Politicians in both the EU and Norway have agreed targets for switching from a linear economy to a circular economy. By 2025, 55 percent of household waste and similar volumes of industrial waste must be recycled. 65 percent of packaging waste must also be recycled.
“The reality today is that we are a long way from reaching those targets. I’m unsure whether the Norwegian and EU authorities realise what is needed of them if we are to reverse the current consumer trend. In order to switch from a linear economy to a circular economy they need to apply political instruments,” says Svein Kamfjord.
The market cannot solve it alone
KS Bedrift Avfall is made up of municipal waste enterprises from across Norway. They are working to increase the amount of waste that is sorted for recycling and reuse, but they are facing obstacles when trying to sell the materials.
“The authorities cannot demand that we sort and recycle materials if no manufacturer wants to return the materials to the production cycle.” For too long the authorities have said that the market itself will resolve the problem, but the fact is that the market needs help to see the value of recycled materials,” Kamfjord says.
Levies balance out cost differences
Kamfjord is clear that the authorities need to step up with a combination of political initiatives. The producer responsibility scheme needs to be developed further so that manufacturers are given incentives to switch to products designed for recycling, and minimum ratios must be set for incorporating recycled materials.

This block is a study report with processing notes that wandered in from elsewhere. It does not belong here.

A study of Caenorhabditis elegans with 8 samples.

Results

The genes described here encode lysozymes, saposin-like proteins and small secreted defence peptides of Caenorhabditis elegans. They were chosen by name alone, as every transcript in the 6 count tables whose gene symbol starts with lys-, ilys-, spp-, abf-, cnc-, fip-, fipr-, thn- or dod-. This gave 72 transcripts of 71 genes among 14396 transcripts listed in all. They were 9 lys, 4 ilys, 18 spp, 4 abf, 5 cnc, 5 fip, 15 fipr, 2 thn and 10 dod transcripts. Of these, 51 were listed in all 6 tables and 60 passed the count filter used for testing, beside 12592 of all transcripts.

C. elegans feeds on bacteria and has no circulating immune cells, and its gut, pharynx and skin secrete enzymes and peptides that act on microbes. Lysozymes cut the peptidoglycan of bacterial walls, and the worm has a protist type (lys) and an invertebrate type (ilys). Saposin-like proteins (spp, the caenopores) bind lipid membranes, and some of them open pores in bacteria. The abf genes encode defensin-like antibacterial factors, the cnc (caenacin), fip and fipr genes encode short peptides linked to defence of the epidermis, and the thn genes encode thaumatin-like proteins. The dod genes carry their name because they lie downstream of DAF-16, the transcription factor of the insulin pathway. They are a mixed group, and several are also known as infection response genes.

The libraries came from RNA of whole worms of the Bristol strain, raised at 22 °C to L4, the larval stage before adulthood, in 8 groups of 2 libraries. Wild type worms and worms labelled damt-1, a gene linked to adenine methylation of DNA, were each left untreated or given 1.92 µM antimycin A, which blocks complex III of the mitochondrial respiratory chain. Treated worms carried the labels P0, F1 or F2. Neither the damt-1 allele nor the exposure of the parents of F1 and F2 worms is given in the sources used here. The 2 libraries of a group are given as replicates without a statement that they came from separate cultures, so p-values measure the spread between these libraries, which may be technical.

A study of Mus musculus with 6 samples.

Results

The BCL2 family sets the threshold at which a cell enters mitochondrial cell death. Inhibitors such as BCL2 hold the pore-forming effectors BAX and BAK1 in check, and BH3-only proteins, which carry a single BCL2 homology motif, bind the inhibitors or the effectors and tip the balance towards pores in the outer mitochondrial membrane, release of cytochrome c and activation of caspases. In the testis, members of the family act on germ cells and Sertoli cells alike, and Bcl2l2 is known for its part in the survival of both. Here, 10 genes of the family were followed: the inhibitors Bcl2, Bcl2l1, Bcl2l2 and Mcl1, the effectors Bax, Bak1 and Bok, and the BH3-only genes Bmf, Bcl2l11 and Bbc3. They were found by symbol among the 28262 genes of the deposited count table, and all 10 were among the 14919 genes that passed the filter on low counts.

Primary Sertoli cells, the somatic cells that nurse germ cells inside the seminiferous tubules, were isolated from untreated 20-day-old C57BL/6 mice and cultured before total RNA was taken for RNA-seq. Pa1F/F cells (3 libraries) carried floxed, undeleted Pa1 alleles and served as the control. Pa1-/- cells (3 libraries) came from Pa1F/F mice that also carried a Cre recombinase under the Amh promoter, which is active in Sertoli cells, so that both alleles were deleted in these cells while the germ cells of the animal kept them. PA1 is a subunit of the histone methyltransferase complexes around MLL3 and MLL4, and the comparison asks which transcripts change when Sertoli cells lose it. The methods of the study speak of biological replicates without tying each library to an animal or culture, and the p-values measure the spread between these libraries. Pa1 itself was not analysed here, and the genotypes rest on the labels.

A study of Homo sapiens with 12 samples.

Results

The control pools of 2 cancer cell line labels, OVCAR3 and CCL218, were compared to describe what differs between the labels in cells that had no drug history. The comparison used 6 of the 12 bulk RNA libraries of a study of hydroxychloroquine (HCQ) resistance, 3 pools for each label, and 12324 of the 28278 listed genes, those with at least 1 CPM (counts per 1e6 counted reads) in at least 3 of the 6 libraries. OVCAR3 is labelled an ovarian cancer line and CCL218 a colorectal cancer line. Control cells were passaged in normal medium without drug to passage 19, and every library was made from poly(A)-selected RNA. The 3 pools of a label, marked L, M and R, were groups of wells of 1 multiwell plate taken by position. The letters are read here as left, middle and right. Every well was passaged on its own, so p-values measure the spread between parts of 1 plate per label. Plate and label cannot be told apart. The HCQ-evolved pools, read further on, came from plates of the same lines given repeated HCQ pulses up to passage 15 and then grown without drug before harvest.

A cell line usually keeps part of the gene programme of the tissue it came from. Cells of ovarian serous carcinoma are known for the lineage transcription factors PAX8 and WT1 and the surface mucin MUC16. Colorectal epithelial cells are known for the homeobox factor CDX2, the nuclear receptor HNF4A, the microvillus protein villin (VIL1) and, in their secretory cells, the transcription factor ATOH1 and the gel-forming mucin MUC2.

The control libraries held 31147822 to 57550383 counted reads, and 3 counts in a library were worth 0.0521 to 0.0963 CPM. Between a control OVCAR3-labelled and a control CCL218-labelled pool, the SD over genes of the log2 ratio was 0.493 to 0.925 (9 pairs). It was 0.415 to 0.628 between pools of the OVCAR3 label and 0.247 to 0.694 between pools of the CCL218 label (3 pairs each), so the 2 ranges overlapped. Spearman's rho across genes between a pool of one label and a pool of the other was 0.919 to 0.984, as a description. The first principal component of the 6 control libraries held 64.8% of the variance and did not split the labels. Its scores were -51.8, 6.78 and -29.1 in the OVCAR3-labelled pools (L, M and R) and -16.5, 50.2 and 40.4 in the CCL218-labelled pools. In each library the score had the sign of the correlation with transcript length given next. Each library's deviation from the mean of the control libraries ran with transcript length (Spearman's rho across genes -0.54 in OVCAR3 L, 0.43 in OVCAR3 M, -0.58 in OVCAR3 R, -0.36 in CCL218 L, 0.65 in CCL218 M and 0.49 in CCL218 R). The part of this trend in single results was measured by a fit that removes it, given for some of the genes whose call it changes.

“The manufacturers’ excuse for not using more recycled materials is that they believe they are too expensive and of the wrong quality. The cost of virgin plastic is lower than the cost of recycled plastic. This is a problem but one that can be solved by introducing a levy to level out the cost difference or by imposing stricter criteria for what the manufacturers are allowed to sell on the market,” says the KS Bedrift Avfall director.
A tried and tested tax model
Infinitum wants to change the existing levy on drinks packaging to a differentiated levy so that plastic bottle manufacturers pay less as the recycled plastic content increases. A levy would even out the cost differences and make it more financially attractive for drinks manufacturers to use recycled packaging.
“The rule could require plastics to contain a certain amount of recycled plastic. The percentage can be increased incrementally. The minimum ratios should be combined with a levy, or a ‘carrot’ whereby the levy is reduced as the recycled plastic content increases. This principle is already in use, including for plastic bottle collection. They are tried and tested approaches, and the authorities do not need to conduct an inquiry into how it would work,” says Kamfjord.
KS Bedrift Avfall is of the view that a materials register is another important measure to help meet the targets for waste reduction and increased recycling. Establishing a register, tightening producer responsibility, content ratios and “good” levies all require the politicians to step up, Kamfjord believes.